General Hayden's Past Trips Through The Revolving DoorEdit
Like all hard workers, General Hayden has had many opportunities to gain experience and knowledge at many different government departments and make many contacts for his future employment in private industry.
One for which he earned this awesome CIA gig, was his job with the National Security Agency, where he used his P.R. skillz to forever alter the NSA's reputation from a shadowy, quasi-legal outfit to a group essential to America's fight against terror, since 9-11.
General Hayden's Big Plans for the CIAEdit
General Hayden said it was essential for the C.I.A., an organization built on a bedrock of secrecy, to be as open as possible in order to build public trust and dispel myths surrounding its operations. The more that the agency can tell the public, he said, the less chance that misinformation among the public will “fill the vacuum.”
C.I.A. Chief Tries Preaching a Culture of More Openness, The New York Times, nytimes.com, Copyright 2007 The New York Times Company
June 23, 2007, By MARK MAZZETTI
WASHINGTON, June 22 — William E. Colby faced an uneasy decision in late 1973 when he took over the Central Intelligence Agency: whether to make public the agency’s internal accounting, then being compiled, of its domestic spying, assassination plots and other misdeeds since its founding nearly three decades earlier.
Mr. Colby decided to keep the so-called family jewels a secret, and wrote in his memoir in 1978 that he believed the agency’s already sullied reputation, including a link to the Watergate scandal, could not have withstood a public airing of all its dirty laundry.
So why, at a time when the agency has again been besieged by criticism, this time for its program of secret detentions and interrogations since the Sept. 11 attacks, would the current director, Gen. Michael V. Hayden, decide to declassify the same documents that Mr. Colby chose to keep secret?
In an appearance Thursday where he announced that the “family jewels” would be released next week, General Hayden said it was essential for the C.I.A., an organization built on a bedrock of secrecy, to be as open as possible in order to build public trust and dispel myths surrounding its operations. The more that the agency can tell the public, he said, the less chance that misinformation among the public will “fill the vacuum.”
It was this outlook that General Hayden, whose public relations skills are well known in Washington, brought to an earlier job. There, as director of the National Security Agency, he tried to overhaul the N.S.A.’s public image — that of the shadowy, menacing organization portrayed in the movie “Enemy of the State” — by inviting reporters to briefings and authorizing its officials to speak to the author James Bamford for his book on the agency, “Body of Secrets.”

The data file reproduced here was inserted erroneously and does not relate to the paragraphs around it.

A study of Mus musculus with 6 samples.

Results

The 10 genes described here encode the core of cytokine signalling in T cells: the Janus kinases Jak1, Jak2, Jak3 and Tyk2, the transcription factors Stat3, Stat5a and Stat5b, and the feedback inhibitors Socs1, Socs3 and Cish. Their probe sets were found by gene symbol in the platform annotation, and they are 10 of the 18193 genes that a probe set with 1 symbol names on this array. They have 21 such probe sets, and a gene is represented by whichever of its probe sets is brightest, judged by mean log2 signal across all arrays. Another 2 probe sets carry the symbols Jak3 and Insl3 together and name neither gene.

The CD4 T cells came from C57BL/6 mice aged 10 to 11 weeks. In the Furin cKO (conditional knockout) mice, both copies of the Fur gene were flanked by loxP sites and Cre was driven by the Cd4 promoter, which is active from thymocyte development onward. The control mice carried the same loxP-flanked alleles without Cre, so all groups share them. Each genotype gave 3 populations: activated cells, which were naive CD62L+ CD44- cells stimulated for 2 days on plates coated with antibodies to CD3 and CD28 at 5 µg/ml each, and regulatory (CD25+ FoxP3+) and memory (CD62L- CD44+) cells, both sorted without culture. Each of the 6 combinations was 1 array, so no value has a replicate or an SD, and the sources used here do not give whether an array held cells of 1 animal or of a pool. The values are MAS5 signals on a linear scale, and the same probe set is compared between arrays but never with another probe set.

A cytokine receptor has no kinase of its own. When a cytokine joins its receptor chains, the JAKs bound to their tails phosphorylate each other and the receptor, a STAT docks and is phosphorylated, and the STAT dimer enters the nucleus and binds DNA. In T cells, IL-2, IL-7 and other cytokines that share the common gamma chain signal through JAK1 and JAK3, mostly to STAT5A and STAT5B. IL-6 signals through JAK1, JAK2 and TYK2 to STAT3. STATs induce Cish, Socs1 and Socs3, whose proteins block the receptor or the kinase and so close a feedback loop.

Is next week’s release of documents a reflection of similar openness that he has now brought to the C.I.A., where he arrived little more than a year ago? Yes, says Mark Mansfield, agency spokesman, who adds that since last October the agency has cut by more than half the number of unresolved Freedom of Information Act petitions dating back five years or more, by systematically declassifying volumes of historical material.
Mr. Bamford said one cynical interpretation of the move to declassify the family jewels could be that the agency was looking to make the operations for which it has most recently been criticized seem less nefarious by contrasting them with what went on in the old days. But John E. McLaughlin, a former deputy director of central intelligence, said he saw no motive other than a genuine desire by General Hayden to deal head on with a fundamental tension: the C.I.A. is a secret organization operating in an open society.
Mr. Bamford gives General Hayden credit for being more committed to openness than some of his predecessors. But he is quick to point out that by law, all classified material must eventually be declassified, warts and all.
“If somebody obeys the law, you shouldn’t get a medal for it,” he said. “It’s part of his job.”
Still, pushing for greater openness — “transparency,” in Washington jargon — can be a treacherous path. Mr. Colby, who later in his tenure began a campaign to declassify many of the C.I.A.’s secrets, became an unpopular figure within the agency’s ranks. Many there believed that he, along with some successors who made similar efforts, were conducting little more than publicity campaigns in a rush to reveal the darkest secrets of the past.
General Hayden’s decision to declassify the family jewels now has been greeted negatively by some C.I.A. veterans, who say it could be a blow to the morale of a proud organization afflicted by turmoil during the last five years.
“C.I.A. officers, especially the young officers, want to belong to an organization that has a history and tradition they can look up to,” said one recently retired veteran, who insisted on anonymity because he had been an undercover officer. “If you put something out that says the founders of the agency were a bunch of criminals, that doesn’t exactly help.”